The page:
Kanban has always been the “start with what you do now” method, and no one gets a “new role, responsibilities, or job titles” at least not initially. However, it is now clear that some roles are emerging in the field with some implementations. So, it is valuable to report this, while they remain suggestions, options, or ideas, rather than prescribed roles for a Kanban implementation. This post follows my previous one that Kanban doesn’t share Agile’s cross-functional team reogranization agenda, and has always been a cross team, cross function solution for service delivery workflows. What follows is in the context of a service delivery workflow which spans functions or teams and is (most likely) orthogonal to the organizational structure of the enterprise, business or product unit.

Service Delivery Manager

From the early days of Kanban, we talked about the need for a manager to take on responsibility for flow of work. Perhaps, echoing the concept of scrummaster, in some implementations the role of person responsible for flow has been nicknamed flow manager or sometimes “flowmaster”. It’s a sticky, if arcane and tribal, title. For our official literature, I wanted something more corporate friendly, and something that is more outwardly facing. “Flow manager” is inwardly facing and focused on process problems. I prefer names that are outwardly focused and address customer needs. This is in line with the Kanban value of “Customer Focus.”

There is precedent for renaming concepts in Kanban to give them more customer focus. Inspired by the Improvement Kata in Toyota Kata, we defined and named, the System Capability Review meeting in 2012. This was later renamed to Service Delivery Review (SDR). The name change was to give the meeting an outward focus on customer needs, rather than an inward focus on process performance. By keeping the naming, the language, and the values, externally focused, we insure that the right metrics are used to drive relevant, valuable improvements. An outward focus is vital to insure “fitness for purpose” and to deliver on the Kanban agenda of survivability.

So, the “flow manager” concept is called the Service Delivery Manager. It is primarily intended to be a role played by an existing member of staff and not a new job title or position. So, by creating Service Delivery Manager, we do weaken the message that no one gets new responsibilities – actually someone does, the someone who takes on the SDM role.

The SDM role existed in 2007 in our first full scale Kanban Method implementation. It was usually played by a project manager from the PMO. The SDM carried responsibility for the Replenishment Meeting, the Delivery Planning Meeting, escalating blocker tickets, and what we would now call Risk Review. Replenishment, Delivery Planning and Risk Review are 3 of the Kanban Cadences.

In more recent implementations the SDM also facilitates the daily Kanban Meeting. In 2007, this role was taken by one of the function managers in the workflow. The SDM role was usually played by someone from the PMO.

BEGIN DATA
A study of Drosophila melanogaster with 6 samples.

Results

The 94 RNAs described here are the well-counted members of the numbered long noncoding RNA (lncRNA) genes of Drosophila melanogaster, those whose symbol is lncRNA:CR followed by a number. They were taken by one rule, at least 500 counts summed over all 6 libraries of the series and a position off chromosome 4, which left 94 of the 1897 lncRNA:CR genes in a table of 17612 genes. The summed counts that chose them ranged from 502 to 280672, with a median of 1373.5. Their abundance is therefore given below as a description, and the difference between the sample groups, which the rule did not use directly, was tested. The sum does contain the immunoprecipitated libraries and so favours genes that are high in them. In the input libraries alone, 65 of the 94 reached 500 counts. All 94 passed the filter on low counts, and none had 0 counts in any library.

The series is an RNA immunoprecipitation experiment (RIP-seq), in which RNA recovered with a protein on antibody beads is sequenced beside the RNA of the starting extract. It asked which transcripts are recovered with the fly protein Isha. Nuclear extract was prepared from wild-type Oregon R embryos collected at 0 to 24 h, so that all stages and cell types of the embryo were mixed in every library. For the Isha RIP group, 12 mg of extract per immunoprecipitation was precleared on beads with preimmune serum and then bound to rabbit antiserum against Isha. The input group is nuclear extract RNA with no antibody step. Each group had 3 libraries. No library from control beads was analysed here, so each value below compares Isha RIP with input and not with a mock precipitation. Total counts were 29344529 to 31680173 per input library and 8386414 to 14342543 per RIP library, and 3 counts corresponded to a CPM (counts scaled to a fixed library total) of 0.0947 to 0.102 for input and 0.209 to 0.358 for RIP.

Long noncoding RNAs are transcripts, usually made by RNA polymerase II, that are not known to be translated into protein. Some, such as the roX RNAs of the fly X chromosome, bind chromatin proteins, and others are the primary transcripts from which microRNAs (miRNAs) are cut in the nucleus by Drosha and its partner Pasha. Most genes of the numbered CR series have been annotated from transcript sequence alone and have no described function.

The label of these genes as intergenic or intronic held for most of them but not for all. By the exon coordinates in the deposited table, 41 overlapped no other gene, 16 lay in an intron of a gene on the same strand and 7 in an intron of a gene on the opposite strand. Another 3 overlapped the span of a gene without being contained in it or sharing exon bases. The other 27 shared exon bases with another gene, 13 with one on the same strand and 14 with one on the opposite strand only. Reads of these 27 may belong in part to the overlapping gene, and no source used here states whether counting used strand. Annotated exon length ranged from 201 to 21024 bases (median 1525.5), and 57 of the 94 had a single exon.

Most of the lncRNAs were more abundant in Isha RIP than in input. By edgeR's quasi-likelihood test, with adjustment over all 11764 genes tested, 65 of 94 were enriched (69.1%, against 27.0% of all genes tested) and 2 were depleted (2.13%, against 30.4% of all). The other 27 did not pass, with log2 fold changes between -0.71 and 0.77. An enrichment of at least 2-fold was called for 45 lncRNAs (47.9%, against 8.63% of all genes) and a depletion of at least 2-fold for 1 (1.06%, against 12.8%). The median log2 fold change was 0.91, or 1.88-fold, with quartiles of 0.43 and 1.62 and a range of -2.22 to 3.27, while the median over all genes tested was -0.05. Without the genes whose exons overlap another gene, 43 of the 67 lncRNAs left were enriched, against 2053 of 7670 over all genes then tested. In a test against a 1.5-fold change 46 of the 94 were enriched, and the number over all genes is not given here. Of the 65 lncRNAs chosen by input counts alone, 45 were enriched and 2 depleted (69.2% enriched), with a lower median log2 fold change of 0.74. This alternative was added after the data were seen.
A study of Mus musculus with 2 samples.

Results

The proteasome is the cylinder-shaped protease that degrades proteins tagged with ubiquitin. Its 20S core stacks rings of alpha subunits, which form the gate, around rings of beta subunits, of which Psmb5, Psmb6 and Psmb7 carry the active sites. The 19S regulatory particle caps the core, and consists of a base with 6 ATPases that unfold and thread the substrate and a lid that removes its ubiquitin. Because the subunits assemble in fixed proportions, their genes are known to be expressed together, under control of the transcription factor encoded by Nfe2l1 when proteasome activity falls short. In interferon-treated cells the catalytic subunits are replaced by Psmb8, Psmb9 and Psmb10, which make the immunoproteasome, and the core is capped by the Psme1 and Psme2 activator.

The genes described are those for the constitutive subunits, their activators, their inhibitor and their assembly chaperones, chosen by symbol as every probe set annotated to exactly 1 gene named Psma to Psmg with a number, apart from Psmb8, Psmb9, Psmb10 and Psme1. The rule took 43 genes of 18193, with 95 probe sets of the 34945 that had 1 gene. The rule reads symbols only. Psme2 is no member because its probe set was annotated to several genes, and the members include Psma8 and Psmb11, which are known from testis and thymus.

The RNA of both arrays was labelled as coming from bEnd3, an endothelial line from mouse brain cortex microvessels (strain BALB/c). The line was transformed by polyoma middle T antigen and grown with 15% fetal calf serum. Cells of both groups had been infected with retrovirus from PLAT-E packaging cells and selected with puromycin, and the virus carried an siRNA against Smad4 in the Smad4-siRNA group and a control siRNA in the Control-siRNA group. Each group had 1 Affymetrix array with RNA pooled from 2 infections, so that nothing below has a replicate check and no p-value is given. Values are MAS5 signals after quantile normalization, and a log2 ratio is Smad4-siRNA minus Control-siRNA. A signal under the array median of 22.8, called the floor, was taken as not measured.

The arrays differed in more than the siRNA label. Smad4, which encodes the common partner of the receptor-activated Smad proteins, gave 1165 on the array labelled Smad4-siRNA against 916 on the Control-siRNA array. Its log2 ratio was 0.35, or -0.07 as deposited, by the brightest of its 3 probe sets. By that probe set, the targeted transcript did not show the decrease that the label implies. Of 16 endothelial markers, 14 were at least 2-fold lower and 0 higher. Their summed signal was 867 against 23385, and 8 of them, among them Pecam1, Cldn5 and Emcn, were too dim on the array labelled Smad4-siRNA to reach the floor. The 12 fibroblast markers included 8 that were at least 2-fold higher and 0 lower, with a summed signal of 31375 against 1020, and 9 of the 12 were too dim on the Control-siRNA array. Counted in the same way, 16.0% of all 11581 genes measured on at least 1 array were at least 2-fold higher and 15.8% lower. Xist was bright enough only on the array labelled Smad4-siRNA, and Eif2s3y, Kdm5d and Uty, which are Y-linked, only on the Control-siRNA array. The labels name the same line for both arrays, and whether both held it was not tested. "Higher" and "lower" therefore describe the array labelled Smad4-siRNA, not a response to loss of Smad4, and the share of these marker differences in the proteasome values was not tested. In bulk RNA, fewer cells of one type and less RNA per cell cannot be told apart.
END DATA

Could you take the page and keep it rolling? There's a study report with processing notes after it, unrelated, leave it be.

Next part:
Service Request Manager

For some number of years, the question has existed, what do you do with middle-men in the workflow? As a general rule, we wish to remove non-value-adding middle-men positions from the workflow. However, we also wish to avoid resistance to change. These are two core tenets of Kanban coaching and general goals we might have for change management when deploying Kanban in an organization. And the following guidance has existed since 2009: we seek to elevate the role of the middle-man, above the workflow, out of the value stream. The most common example of this is shown in the diagram, “What do you do with the Product Owners?”

The goal is to reposition the role of product owner as a risk manager and facilitator: someone who owns the policies for the system which frame decisions together with facilitating the decision making mechanism. This role is of higher value, is transparent and open to scrutiny and relieves us of the risk of the “hero product owner” who magically understand where the best business value is to be found. This elevated risk management and policy owning position improves corporate governance, improves consistency of process, and reduces personnel risk associated with a single individual.

Nevertheless, an individual with a “hero product owner” self-image will resist such a change. Kanban Coaching Professionals are trained to manage this resistance as part of their training in the Kanban Coaching Masterclass.

When the product owner is successfully repositioned above the workflow as the owner of the policies for risk assessment, scheduling, sequencing and selection, they have successfully transitioned into the Service Request Manager (SRM) role.

Again, we are weakening the “no one gets new responsibilities” principle, but this transition is generally managed over a period of time and isn’t necessarily thrust upon individuals at the start of Kanban adoption.

When the SRM role exists, the SRM usually takes responsibility for the Replenishment Meeting and will play a role in the Strategy Review and Risk Review.